Another of Sepp Blatter's inner circle has bitten the dust as Nicolas Leoz has resigned from the FIFA Executive Committee.
"I feel very happy because I'm retiring with the tranquility and knowledge of having done a sincere, honest job," said the Paraguayan, who is believed to taken kickbacks worth $730,000 from FIFA's ill-fated ISL media company.
In the fraught bidding process for the 2018 World Cup, he allegedly demanded a British knighthood or that the F.A. Cup be named after him in exchange for supporting England's application. In the end he voted for Spain & Portugal.
Leoz might not have wielded power as mercilessly as Jack Warner or Ricardo Texeira but rather epitomised the job-for-life fat cat many of FIFA's top brass had become since Blatter's predecessor and spiritual mentor Joao Havelange took control in 1974 and turned soccer's governing body into a hive of cronyism.
The 84 year-old Leoz is well past his sell-by date as an administrator, and although he cited ill-health as the reason for calling it a day, he is probably jumping before being pushed by the imminent results of the ISL corruption enquiry.
The other ISL bribe-takers Havelange and Texeira are now history, and with the removal of the embezzlers Chuck Blazer, Warner and Mohamed Bin Hammam, Leoz's exit is hopefully another step towards a cleaner future for football governing.
The Ex.Co. now has a markedly different line-up to the one which made the egregious decision to let Qatar host the 2022 World Cup three years ago, a choice which could yet churn up Europe's domestic seasons and damage the competition indefinitely. US Soccer's Sunil Gulati is just one of several new faces.
Yet FIFA Vice-President Julio Grondona stands out as the last bigwig refusing to budge.
Like Leoz, he is an octogenarian from a different era and once admitted he was so obsessed by soccer the last time he visited a movie theater was in 1956 to watch Gone with the Wind.
In charge of his national association since the 1970s, the Argentine was also good pals with his country's former fascist dictatorship, and has won notoriety for some xenophobic outbursts.
He said a Jew could not referee in Argentina because "Jews don't like hard work", claimed a World Cup vote for the USA was "like a vote for England", and that England would only get his support for 2018 if its government handed the Falkland Islands over to Argentina.
While in charge of the Argentine Football Association, the police raided his offices 30 times for fraud and tax evasion, but Grondona 'the untouchable' kept his throne; no wonder he has publicly compared himself to the Pope.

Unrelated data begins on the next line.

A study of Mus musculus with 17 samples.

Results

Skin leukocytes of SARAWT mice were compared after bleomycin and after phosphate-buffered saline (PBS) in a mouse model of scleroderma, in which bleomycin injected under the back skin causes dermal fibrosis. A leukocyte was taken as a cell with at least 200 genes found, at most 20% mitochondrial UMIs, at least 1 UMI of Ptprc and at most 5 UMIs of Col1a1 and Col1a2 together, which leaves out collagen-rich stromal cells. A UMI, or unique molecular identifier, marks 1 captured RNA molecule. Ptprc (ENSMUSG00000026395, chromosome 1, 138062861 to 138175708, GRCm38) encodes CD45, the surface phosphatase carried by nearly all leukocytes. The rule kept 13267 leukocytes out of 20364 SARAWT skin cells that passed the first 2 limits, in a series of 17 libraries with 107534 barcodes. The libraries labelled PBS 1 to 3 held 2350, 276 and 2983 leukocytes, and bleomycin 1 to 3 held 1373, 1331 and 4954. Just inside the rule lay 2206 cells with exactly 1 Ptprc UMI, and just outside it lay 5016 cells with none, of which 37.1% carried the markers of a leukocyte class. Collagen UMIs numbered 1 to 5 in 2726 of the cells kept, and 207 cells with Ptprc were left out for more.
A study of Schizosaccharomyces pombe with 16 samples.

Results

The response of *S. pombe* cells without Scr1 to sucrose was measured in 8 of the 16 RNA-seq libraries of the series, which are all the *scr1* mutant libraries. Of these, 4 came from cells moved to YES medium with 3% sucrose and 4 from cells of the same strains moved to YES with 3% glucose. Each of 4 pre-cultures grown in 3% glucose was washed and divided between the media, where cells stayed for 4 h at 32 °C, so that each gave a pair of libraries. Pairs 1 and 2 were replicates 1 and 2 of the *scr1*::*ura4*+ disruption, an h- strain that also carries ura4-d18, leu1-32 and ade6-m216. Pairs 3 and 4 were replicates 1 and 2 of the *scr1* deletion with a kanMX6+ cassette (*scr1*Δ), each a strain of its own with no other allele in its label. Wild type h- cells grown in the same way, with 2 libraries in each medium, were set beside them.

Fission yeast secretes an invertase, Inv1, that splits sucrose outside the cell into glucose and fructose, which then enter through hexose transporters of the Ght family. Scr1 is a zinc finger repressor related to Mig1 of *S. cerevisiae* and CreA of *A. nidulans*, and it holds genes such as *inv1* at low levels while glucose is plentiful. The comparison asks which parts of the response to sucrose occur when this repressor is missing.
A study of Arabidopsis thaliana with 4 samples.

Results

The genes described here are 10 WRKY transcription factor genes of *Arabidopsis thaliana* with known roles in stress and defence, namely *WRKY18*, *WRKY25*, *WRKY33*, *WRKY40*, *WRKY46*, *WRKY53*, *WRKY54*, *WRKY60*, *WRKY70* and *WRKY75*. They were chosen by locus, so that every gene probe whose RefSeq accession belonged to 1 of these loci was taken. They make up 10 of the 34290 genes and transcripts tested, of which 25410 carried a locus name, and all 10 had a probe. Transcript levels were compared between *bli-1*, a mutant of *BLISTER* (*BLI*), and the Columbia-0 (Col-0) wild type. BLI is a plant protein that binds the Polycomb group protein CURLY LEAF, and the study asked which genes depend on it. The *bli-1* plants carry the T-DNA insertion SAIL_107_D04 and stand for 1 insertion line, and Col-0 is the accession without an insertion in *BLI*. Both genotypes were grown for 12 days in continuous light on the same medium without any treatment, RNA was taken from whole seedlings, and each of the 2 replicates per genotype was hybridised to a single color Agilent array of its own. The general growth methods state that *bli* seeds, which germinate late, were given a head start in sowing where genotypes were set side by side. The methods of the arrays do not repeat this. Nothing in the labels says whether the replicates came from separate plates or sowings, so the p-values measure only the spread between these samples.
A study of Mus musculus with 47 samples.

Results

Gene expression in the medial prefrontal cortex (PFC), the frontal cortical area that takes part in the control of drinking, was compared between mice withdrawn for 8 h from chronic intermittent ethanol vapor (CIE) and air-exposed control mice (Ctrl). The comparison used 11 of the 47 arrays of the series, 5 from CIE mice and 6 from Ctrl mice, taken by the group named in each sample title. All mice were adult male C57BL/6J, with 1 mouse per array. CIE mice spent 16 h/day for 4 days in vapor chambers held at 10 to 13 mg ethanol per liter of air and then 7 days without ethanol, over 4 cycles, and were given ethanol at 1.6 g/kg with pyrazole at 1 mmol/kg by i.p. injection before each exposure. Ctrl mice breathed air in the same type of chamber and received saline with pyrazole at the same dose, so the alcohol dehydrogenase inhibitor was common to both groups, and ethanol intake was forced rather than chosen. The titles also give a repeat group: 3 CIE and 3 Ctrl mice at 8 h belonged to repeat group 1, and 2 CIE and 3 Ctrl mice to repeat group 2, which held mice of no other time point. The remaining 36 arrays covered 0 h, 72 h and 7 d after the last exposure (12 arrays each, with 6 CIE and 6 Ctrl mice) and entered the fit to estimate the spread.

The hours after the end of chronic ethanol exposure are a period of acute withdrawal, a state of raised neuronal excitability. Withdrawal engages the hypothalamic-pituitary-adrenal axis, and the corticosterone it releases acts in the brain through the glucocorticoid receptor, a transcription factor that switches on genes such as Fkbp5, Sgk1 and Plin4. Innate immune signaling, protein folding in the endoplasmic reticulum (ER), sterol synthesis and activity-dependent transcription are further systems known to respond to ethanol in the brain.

It surely cannot be long before Grondona is shown the door too, but the persistence of Blatter, who recently hinted he will run for election again in 2015, is depressing. The ISL scandal was supposed to have been the magic bullet to end the Swiss' reign but the 77 year-old soldiers on apparently immune.
His so-called 'road-map to reform', a response to the avalanche of criticism regarding the last World Cup vote, appears to be stalling. Firstly, Transparency International walked out in protest at the chief of the independent governance committee being paid by FIFA but prevented from investigating previous transgressions.
Then last week, anti-bribery expert Alexandra Wrage also resigned from the panel in frustration at FIFA's refusal to implement any changes.
Meanwhile, the pursuit of recently removed Ex.Co. members goes on. Chuck Blazer's champagne lifestyle of antique cars, Caribbean homes and high-end restaurants could see him in court following CONCACAF's damning report that he trousered $35m in commissions while forgetting to file tax returns. The FBI are also investigating.
And Jack Warner, who was finally kicked out of soccer in 2011, has now also been booted out of the cabinet of Trinidad & Tobago's government following publication of the CONCACAF report into his fraudulent activities. The opposition PNM party are due to table a no-confidence motion against 'the Pirate of the Caribbean' this Friday.
For some time Michel Platini has seemed the saviour of the land of iniquity known as FIFA, yet as UEFA chief, his bizarre opposition to goal-line technology and insistence on expanding Euro 2016 to 24 finalists and spreading the 2020 hosting around several nations does not exactly bode well for the future.
But until one of the Ex.Co. newbies makes a name for himself, the alternatives to Blatter beyond the Frenchman are non-existent.